The license approval from the US government allows Airbus to deliver A320 single-aisle planes and A330 widebodies to Iran Air.
We received a license and remain in negotiations with Iran Air, confirmed Marc Sklar, a spokesman for the United States company.
Earlier this year, Airbus and its US rival Boeing each signed deals to supply over 100 jets to flag carrier IranAir to modernize and expand the country's elderly fleet, held together by smuggled or improvised parts after years of sanctions.
Thumbs-up from the Treasury is a major step forward on a key portion of last year's deal between Iran and six world powers including the US, in which Iran agreed to curb its nuclear program in exchange for relief from decades-long sanctions.
In the case of Airbus, the license-the first of two for which the European airframer applied-covers "short-term" deliveries of 17 A320s and A330s to Iran Air.
While the Joint Comprehensive Plan of Action (JCPOA) - a lasting nuclear deal between Tehran and world powers- came into force in January, some Iranian officials have complained about the United States failure to fully implement the accord. Which planes are among the 17 released for delivery to Iran was not specified. Some of the plane-related trade restrictions predated a disagreement between western powers over the country's nuclear program and were imposed in the wake of Iran's revolution in 1979.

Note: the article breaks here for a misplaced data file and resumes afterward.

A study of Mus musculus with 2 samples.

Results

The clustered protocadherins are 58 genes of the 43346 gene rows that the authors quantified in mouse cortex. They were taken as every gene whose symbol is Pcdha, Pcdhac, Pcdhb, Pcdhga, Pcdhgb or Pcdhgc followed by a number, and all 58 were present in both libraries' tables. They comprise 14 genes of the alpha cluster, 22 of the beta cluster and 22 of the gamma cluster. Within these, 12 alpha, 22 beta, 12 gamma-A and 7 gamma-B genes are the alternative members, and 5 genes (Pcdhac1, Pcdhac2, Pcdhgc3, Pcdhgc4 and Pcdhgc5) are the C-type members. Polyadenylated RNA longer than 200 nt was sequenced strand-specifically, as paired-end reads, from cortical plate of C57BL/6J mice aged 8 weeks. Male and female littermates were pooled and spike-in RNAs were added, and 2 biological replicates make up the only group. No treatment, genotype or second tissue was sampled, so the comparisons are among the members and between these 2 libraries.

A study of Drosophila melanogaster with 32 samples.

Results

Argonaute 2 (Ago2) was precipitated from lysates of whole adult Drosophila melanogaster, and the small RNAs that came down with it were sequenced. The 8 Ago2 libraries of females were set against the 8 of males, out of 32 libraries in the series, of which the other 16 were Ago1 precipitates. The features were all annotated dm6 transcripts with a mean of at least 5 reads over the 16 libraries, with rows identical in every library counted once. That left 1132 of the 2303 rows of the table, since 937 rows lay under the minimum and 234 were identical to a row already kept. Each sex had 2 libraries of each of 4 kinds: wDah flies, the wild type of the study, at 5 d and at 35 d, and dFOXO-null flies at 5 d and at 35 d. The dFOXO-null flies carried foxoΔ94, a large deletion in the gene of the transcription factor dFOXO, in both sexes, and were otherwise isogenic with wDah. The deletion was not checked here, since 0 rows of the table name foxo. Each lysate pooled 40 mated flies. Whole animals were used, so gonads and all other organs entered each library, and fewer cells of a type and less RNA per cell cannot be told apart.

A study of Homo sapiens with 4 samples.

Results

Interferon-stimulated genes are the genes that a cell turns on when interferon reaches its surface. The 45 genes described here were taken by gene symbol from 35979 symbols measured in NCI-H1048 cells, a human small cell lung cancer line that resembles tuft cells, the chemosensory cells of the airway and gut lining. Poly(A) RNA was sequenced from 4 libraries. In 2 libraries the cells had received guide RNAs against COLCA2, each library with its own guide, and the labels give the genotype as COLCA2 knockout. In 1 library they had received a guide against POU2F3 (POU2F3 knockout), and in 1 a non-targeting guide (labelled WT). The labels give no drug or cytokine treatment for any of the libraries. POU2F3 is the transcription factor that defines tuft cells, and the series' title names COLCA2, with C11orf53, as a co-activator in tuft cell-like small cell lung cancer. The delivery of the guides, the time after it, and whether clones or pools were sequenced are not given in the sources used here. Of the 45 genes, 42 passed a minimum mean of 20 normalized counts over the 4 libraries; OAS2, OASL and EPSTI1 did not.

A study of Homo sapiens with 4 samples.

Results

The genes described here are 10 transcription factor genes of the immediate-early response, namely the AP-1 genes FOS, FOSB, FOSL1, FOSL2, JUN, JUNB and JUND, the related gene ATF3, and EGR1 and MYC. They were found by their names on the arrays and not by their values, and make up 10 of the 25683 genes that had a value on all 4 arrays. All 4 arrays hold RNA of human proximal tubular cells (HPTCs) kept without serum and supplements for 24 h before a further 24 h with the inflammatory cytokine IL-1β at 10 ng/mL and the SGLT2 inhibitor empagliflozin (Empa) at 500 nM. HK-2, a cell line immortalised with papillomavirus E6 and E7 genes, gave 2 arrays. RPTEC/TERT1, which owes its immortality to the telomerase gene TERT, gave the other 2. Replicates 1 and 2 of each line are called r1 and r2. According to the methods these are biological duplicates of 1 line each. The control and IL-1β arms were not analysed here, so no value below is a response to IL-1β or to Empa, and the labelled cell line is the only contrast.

Many sanctions against Iran still remain.
The licence approval clears the way for the two plane manufacturers to begin accessing one of the last untapped aviation markets in the world, home to 80 million people. The country has 250 commercial planes, but as of June only 162 were flying because the rest needed new parts.
According to Tim Hepher of Reuters, aviation sources say that the United States government has made a decision to unblock the deal and began issuing export licenses for the aircraft. Boeing followed with its own announcement later.
The approvals from the US Treasury Department allow both aerospace giants to proceed with sales worth billions of dollars into a country that had been entirely off limits prior to the landmark 2015 nuclear deal. In June, Boeing also agreed to sell 100 aircraft to the Iranian national airline.
Separately, Franco-Italian turboprop maker ATR continues to wait for its OFAC license to proceed with the sale of 20 ATR 72-600s to Iran Air. "We look forward to receiving our license from the government shortly", the company said in a statement. The republican presidential candidate Donald Trump has threatened to tear up the nuclear deal if elected this November.